Los Angeles Auto Show

The recent Californian show was all about small cars and conservation, with a refinement of the conventional internal combustion engine for a world gone green.

The recent Los Angles Auto Show was all about small cars and conservation. However, unlike the recent Paris exhibition, which featured all things electric, the California gathering of the world's automakers seemed to point to a refinement of the conventional internal combustion engine for a world gone green.

Over in the Ford booth, they're loudly trumpeting four vehicles that achieve 40 miles per US gallon (5.88L/100km). With the addition of the 2012 Focus to its lineup, Ford will now have four cars - the others are the Fiesta SFE, Fusion Hybrid and the Lincoln MKZ Hybrid - boasting 40mpg, a feat the company brags is more than any other automaker. Combined with the pumping of the company's turbocharged EcoBoost formula (in the guise of a twin-turbo 3.5L V6) to its traditionally V8-loving pickup owners, Ford is pushing green harder than ever, even when focusing on traditionally power-hungry clientele.

Not to be outdone, Hyundai announced that its Elantra will hit the 40 mpg mark. However, unlike the previously mentioned Ford Fiesta and the Chevrolet Cruze, which have only one specific trim each achieving this new benchmark of frugality (the Fiesta SFE and the Eco Cruze), all 1.8L-powered Elantras will achieve a 40 mpg rating on the motorway.

Another member of the 40mpg crowd is Kia's Optima Hybrid. Powered by a full parallel hybrid system that can be driven in its zero emissions, full electric drive mode up to speeds of 100kph, Kia's first hybrid uses a lithium polymer battery for energy. The battery pack, developed in South Korea, is claimed to weigh just 43kg, dramatically reducing the weight penalty common to so many hybrids.

Meanwhile, the massively hyped (you would be primping it up, too, if you had seen how barren Chrysler's R&D cupboard was but a year ago) Fiat 500 finally seems ready for North America, with a softer ride and, perhaps the most important modification of all, cupholders large enough for supersized Big Gulps. The 500 should arrive in US showrooms by the end of the year.

General Motors is resurrecting its much-maligned "mild" hybrid concept with the 2012 Buick LaCrosse. All 2.4L versions will feature eAssist, a rebranded version of the belt-alternator starter (BAS) systems first introduced in 2006. Unlike those previous, largely ineffective designs, the new systems now have the power (11 kilowatts, or 15hp, compared with the previous system's paltry 2kW) to significantly affect the LaCrosse's performance and fuel economy. The General claims that the 182hp inline four cylinder now averages 37mpg (6.4L/100km) on the highway (an increase of 7mpg) and 25mpg (9.4L/100km) - up 6mpg - in the city.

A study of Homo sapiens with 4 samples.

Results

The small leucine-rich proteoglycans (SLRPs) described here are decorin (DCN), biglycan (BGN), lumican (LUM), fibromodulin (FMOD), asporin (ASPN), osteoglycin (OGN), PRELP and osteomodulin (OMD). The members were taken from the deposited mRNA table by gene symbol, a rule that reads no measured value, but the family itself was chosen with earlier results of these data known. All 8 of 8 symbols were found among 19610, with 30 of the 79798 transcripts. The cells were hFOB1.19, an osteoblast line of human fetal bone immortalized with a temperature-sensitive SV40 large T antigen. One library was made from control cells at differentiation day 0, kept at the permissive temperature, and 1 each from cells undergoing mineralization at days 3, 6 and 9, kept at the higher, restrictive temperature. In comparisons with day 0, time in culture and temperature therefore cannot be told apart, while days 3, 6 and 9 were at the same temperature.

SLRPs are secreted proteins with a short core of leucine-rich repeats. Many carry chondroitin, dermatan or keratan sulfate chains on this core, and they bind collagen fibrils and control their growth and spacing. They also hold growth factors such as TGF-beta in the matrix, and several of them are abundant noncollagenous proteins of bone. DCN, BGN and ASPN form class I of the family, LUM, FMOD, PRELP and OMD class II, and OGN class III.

Cadillac, meanwhile, took the wraps off an Urban Luxury Concept (ULC), whose slick hatchbacky shape may not have been radical, but whose little three-cylinder engine certainly is. That it is also smaller and shorter than a current Mini Cooper says automakers are already gearing up to meet America's stringent new corporate average fuel economy (CAFE) standards - Cadillac boasts, thanks to the ULC's mild hybrid system - of 65mpg (3.6L/100km) on the highway).

Infiniti, like so many other luxury automakers, is also looking to marry the disparate desires for performance and economy with the Ellure Concept. Aggressively styled with slippery aerodynamics and 21-inch mega-wheels, the Ellure is nonetheless powered by a small 2.5L inline four cylinder, albeit one pumped up by a supercharger and backed up by a 25kW electric motor. It's enough for the Ellure to wear a Pure Drive badge, Nissan's designation for its range of low CO2/low consumption internal combustion engine or hybrid vehicles.

Even Lotus, unveiling a five-car push into the high-priced exotic supercar league, is promising that the hyper-powered V8s and turbocharged fours offered on its upcoming models - Elise, Elan, Esprit, Elite and Eterne - will have a hybrid Kinetic Energy Recovery Systems (KERS) for an optimum blend of performance and economy.

Indeed, this rampant bifurcation is almost certainly the issue the automotive industry will face for the next decade. Whether it be Ford looking to offer an F-150 with superior fuel economy while still being able to tow 5,000kg, a Cadillac that is small, sassy and, most importantly, fuel conscious while still being, well, a Cadillac, automakers face the impossible task of satisfying all of the people, all of the time.